What comes to your mind when you think about Sub-Saharan African Culture?
Is it food? dance? Or traditions?
Sub-Saharan Africa is a land of potential and diverse terrain. History has witnessed the emergence of great ethnic cultures. In order to complement the rich culture of African, Engineers Without Border at Boston University is working with the community of Naluja, Zambia to create engineering solutions that solve problems in their daily lives.
On 5th December 2015, EWB – BU organised an event celebrating our strengthening relationship with our community. Our aim is to develop sustainable engineering projects that cater to providing access to clean drinking water to the residents of Naluja. A lot of hard work, sweat, cooperation and perseverance goes behind this process, and it would not be possible without the help of our partners from the community. Hence, Kusekelela was a night to celebrate their culture and remind ourselves of the ever-important context behind our projects in the presence of an amazing panel, renowned keynote speaker, graceful performers and a great audience.
The panel of speakers consisted of Farnaz Farhi, an M.D. candidate who received her Masters in Global Health from Oxford; Jennifer Coates, Ph.D., a professor in Friedman School of Nutrition Science and Policy at Tufts University; Dr. Peter Rockers, ScD., an Assistant Professor at the Center for Global Health & Development and in the Department of Global Health at BU School of Public Health. Each of them is associated with global health and global technologies. Exploring their immense pool of knowledge and experiences through discussions and questions, we were able to gain and impart a great deal of understanding about large scale projects.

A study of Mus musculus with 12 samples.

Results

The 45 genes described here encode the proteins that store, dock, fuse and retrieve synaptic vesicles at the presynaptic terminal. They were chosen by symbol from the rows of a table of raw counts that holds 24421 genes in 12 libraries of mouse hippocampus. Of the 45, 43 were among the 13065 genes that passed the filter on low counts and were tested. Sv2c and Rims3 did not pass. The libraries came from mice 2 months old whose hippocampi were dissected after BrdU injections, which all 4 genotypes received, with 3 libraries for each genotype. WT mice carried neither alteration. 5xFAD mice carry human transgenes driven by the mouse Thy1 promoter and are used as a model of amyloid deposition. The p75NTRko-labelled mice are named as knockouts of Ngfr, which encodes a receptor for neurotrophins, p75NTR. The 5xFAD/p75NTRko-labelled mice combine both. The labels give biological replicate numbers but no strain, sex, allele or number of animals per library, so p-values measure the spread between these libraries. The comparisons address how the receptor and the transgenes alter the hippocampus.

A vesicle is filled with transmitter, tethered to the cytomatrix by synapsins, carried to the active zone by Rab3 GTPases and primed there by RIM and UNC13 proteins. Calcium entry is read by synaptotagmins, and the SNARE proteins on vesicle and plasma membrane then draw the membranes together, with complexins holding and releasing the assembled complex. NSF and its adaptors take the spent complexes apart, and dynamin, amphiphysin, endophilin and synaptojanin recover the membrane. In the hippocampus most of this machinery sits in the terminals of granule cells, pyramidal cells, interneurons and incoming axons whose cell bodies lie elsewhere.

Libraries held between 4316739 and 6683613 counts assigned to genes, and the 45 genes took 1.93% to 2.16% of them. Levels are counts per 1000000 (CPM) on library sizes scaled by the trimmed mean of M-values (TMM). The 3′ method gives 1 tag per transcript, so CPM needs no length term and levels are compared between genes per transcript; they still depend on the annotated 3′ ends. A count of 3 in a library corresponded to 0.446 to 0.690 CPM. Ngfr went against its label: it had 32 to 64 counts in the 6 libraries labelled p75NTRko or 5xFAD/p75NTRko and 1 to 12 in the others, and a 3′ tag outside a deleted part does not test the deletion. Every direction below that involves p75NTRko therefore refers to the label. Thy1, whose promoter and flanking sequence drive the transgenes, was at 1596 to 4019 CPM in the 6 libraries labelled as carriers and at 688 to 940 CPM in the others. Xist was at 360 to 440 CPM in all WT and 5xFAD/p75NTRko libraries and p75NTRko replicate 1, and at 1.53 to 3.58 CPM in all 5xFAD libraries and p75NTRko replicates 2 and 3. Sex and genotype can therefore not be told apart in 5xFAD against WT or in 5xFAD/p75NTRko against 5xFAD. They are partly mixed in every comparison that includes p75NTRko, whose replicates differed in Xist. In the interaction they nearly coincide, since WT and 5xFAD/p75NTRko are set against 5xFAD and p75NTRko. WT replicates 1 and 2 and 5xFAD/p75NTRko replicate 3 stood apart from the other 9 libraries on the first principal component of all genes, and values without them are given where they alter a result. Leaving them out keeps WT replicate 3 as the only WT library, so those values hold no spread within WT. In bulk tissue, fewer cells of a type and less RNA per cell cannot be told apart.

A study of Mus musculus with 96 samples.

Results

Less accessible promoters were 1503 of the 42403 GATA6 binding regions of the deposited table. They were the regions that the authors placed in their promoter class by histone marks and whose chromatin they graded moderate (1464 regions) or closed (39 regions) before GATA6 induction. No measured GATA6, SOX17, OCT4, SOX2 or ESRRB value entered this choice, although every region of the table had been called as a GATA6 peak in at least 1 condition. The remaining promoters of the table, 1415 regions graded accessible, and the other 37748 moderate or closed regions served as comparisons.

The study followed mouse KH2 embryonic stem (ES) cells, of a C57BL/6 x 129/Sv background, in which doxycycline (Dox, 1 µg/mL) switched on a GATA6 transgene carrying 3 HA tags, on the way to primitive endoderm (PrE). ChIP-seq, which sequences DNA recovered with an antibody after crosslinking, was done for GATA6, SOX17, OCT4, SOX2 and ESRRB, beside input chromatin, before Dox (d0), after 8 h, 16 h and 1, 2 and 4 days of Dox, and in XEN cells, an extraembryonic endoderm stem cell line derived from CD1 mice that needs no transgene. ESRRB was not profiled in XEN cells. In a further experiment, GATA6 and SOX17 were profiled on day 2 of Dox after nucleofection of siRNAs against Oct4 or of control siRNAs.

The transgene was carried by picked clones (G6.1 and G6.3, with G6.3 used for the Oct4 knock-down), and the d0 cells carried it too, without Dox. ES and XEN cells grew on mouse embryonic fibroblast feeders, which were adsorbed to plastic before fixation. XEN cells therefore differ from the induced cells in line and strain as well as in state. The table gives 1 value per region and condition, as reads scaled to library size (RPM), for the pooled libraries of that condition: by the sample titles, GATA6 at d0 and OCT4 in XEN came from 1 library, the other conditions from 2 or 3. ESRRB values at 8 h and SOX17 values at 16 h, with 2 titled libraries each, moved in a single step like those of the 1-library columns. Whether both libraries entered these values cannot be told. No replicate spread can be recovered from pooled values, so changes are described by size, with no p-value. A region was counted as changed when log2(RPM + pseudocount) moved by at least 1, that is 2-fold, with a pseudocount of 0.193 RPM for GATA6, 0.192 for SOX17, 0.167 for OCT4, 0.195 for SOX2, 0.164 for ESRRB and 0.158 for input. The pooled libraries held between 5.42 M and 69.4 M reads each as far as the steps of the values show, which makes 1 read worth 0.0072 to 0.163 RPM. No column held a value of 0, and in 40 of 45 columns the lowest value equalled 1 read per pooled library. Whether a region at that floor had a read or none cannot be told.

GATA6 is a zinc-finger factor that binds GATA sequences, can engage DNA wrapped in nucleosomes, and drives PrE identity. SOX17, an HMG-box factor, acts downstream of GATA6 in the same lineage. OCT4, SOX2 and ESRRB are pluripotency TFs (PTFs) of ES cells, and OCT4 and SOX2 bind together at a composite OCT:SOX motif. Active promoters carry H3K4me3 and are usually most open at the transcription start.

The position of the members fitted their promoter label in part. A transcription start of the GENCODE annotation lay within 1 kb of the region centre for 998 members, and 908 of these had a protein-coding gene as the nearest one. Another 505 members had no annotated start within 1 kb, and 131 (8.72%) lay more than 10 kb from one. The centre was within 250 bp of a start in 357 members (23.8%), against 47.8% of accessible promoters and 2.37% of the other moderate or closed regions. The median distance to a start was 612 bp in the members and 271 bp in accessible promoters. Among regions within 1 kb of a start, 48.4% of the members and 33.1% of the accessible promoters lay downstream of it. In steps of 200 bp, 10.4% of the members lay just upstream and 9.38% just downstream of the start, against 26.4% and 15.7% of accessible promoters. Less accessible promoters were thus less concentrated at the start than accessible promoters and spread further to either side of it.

Our keynote speaker was Iana Aranda, Director of Programs for Engineering for Change, the former President of the Engineers Without Borders New York Professional Chapter and a Senior Program Manager of the Engineering for Global Development sector at ASME. She shared her expertise and experience in the field of developing and implementing vital technologies in developing communities all over the world, including Kenya and Cambodia. We were very fortunate to have her at this event.
The event was dazzled by amazing ethnic performances by Afrithms and Canvas. Afrithms is an African Dance troupe under BU’s African Students Organization while Canvas is a collective of accomplished musicians, travelers, and poets with the common goal of making a difference in the lives of others.
Our members and the external attendees alike got a lot of enjoyment out of the night. The food, the performances, and the speakers were all stunning, and it was clear that feeling immersed in the culture of the people that we work with served to inspire us to work even harder. “The event was a lot of fun, and I really enjoyed the food and all the performances,” one attendee, Hannah Levin, said, “But the best part of the evening was definitely the reminder of the fact that we fit into a bigger picture. We’re so far removed from our partner community that it’s often very easy to lose sight of them, but Kusekelela really reminded me what we were working towards.”
Every aspect of the evening played its role in making Kusekelela a memorable event. We are very grateful to our sponsors and partners in having faith in us and our work and the members of EWB-BU, especially the Fundraising team, in organizing another successful event.